Workshop on Genomic Prediction in Ghent (Belgium)
The future of plant breeding: PhD student participates in workshop
How can we breed crops as efficient as possible to sustain food supply in the future? To investigate this research question, Alexander Kaier, PhD student in our Biocomputing Lab, participated in the annual work shop in genomic prediction, this year held at Ghent, Belgium.
The workshop, held by Prof. Dr. Aaron Lorenz from the University of Minnesota, aimed at allowing participants to leverage genomic information of crop populations to achieve the best possible breeding results. Among the many covered topics was the common impact of environmental conditions and genetic background on crop performance and breeding efforts, known as GxE (Genome x Environment) interaction. Such investigations are paramount regarding the aggravating conditions brought upon by the climate crisis, demanding the breeding of new cultivars that can withstand harsh climatic conditions and reliably supply food at the same time.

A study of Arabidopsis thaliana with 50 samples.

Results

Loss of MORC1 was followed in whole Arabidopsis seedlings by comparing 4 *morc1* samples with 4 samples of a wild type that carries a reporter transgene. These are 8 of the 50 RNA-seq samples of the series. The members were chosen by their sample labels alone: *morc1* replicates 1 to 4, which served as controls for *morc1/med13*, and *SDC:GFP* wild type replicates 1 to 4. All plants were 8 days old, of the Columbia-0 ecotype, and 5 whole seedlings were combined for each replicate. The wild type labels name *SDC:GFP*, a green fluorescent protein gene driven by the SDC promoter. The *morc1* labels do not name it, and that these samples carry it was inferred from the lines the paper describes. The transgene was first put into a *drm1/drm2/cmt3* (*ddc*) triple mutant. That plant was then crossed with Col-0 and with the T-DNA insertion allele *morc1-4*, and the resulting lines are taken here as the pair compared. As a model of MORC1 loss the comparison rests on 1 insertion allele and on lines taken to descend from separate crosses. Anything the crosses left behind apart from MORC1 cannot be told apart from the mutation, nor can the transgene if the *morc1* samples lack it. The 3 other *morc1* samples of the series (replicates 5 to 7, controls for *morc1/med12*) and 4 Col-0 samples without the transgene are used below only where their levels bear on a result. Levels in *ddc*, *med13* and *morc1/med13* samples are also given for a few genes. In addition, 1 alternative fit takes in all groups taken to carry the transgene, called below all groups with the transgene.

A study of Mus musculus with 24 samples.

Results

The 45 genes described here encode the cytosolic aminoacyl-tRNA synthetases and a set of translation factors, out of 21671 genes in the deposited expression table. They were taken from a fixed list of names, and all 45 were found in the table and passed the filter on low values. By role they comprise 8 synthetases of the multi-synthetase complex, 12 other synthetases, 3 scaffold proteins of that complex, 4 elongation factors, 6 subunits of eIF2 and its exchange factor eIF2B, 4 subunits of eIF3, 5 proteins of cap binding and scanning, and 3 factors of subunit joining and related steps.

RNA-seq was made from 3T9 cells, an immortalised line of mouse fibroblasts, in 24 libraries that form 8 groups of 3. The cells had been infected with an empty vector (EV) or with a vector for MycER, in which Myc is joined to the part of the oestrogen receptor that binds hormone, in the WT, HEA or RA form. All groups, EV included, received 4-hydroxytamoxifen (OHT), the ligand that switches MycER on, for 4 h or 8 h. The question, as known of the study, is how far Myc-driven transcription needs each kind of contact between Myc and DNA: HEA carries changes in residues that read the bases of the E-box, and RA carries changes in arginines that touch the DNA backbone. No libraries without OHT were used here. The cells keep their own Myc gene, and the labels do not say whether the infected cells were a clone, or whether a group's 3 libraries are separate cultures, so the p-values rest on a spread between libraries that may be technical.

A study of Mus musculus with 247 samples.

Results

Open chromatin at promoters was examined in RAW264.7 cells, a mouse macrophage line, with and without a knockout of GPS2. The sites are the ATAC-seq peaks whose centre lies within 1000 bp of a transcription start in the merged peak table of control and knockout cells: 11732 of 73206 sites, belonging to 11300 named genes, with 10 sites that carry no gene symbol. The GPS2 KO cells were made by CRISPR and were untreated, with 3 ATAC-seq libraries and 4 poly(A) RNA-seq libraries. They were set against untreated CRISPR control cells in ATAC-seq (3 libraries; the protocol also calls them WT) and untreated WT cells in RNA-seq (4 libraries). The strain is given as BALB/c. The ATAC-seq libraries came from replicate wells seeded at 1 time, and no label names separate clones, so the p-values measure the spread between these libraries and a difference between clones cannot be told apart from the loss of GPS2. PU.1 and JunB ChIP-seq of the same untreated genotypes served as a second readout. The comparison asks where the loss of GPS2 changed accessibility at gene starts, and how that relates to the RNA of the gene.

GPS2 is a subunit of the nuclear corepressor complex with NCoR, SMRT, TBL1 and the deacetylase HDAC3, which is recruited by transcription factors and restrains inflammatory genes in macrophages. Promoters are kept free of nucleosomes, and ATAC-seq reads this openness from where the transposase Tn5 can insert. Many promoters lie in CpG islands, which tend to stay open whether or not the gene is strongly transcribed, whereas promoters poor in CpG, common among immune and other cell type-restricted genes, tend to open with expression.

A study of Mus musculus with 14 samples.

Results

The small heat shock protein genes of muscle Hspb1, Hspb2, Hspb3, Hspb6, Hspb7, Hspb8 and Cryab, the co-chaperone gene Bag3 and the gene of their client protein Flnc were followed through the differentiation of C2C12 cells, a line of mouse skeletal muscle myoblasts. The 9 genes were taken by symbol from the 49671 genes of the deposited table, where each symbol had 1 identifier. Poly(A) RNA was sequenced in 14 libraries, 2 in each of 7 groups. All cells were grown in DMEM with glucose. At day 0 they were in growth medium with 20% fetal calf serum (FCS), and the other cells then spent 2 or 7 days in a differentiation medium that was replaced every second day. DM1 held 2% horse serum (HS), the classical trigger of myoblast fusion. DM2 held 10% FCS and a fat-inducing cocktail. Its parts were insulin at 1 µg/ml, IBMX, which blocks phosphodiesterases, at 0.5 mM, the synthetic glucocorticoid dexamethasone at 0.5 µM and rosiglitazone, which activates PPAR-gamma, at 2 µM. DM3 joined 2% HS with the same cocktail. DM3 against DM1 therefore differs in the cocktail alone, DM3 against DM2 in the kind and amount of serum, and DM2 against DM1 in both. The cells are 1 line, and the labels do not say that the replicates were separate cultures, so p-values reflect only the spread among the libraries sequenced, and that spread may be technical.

During the three-day workshop, Alexander was able to enhance his skills regarding problems related to crop breeding concepts, theoretically as well as during the hands-on sessions. These skills can help to advance the research in our Lab by allowing new analyses on existing project data as well as in the design of new experiments. Additionally, Alexander met many committed participants from academia and industry from all over the world who dedicated their work to the development of crops that feed the world population in the future. This exchange could form the basis for fruitful cooperation in the future.